The deal is unlikely to be derailed because of it, but not all Tandberg shareholders are enamored of the $3-billion all-cash offer Cisco made for the Norwegian videoconferencing-systems company.
In a Financial Times column earlier this week, a Tandberg shareholder noted that Polycom, Tandberg’s videoconferencing-systems rival, was trading at an equivalent EBITDA multiple. He or she reasoned that a takeover-bid premium should apply to Tandberg’s value.
The anonymous shareholder also argued that Cisco’s acquisition offer did not account for the valuable synergies that will flow from the merger. Said the deal critic:
“Tandberg claimed the deal would lead to USD 10bn of revenues in 10 years which is twice the amount the company would achieve on a standalone basis.”
Finally, and potentially disconcertingly for Cisco, the shareholder pointed out that more than 10 percent of the company’s shares have traded above the offer price since the deal was announced. Not unreasonably, the anonymous shareholder contends, new buyers of Tandberg paper will be reluctant to vote in favor of Cisco’s offer. The Cisco acquisition is conditional on an acceptance rate of 90 percent of shares.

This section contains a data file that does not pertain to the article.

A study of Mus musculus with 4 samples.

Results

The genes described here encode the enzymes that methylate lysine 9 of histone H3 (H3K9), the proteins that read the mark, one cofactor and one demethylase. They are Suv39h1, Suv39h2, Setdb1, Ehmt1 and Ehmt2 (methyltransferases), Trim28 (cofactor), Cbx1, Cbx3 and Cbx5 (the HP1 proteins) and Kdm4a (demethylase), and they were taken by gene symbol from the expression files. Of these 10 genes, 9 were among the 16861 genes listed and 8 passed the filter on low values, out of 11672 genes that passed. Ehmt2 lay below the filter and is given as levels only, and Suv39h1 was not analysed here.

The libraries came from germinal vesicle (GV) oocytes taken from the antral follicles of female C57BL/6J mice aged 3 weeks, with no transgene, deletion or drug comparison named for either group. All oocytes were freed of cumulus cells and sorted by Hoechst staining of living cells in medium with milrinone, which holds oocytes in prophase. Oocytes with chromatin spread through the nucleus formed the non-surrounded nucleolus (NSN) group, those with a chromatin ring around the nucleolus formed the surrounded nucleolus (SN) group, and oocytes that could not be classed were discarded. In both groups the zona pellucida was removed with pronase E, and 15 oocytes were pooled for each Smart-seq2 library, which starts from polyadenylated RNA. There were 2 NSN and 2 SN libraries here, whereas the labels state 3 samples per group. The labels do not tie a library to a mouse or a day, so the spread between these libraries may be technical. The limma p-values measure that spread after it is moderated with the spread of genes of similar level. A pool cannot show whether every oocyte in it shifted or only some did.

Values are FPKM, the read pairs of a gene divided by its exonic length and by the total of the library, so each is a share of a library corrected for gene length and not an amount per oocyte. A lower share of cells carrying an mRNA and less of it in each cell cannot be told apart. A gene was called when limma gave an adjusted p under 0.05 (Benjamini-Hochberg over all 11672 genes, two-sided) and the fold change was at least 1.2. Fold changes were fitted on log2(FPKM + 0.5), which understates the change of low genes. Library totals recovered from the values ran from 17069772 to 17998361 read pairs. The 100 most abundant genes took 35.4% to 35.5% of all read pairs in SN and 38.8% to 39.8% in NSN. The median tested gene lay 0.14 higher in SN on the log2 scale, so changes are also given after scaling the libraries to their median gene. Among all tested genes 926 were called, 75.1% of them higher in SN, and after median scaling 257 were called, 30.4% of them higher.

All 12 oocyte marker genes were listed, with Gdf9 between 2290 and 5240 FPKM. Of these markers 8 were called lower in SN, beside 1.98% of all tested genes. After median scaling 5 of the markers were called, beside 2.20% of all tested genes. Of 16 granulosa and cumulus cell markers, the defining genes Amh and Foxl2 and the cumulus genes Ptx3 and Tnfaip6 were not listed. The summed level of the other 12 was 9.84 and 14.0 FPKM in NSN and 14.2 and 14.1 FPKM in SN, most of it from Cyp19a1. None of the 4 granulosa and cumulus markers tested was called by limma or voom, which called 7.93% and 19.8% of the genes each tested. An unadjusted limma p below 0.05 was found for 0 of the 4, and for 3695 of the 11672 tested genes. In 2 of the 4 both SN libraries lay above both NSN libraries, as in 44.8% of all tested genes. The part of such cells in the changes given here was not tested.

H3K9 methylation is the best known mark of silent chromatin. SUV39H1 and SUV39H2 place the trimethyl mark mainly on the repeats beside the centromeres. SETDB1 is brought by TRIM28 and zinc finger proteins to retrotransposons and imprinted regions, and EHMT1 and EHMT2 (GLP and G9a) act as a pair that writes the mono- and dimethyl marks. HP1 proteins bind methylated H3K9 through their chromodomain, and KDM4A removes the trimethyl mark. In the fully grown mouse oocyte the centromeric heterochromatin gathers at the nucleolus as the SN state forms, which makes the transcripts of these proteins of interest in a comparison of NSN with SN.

Even with a degree of restiveness in the ranks of Tandberg shareholders, Cisco has reason to remain confident the deal will go through. That’s because, as mentioned in the Financial Times piece and elsewhere, Tandberg is unlikely to receive a better offer.
Other potential acquirers, such as Microsoft and HP, are focused elsewhere at the moment. Silver Lake Partners, the private-equity firm that had been in abortive discussions to acquire Tandberg last year, is no longer in the picture, choosing to participate in the contentious Skype deal instead.
Unimpressed with the Cisco offer, dissident Tandberg shareholders have no recourse to other options. It’s a case of Hobson’s choice.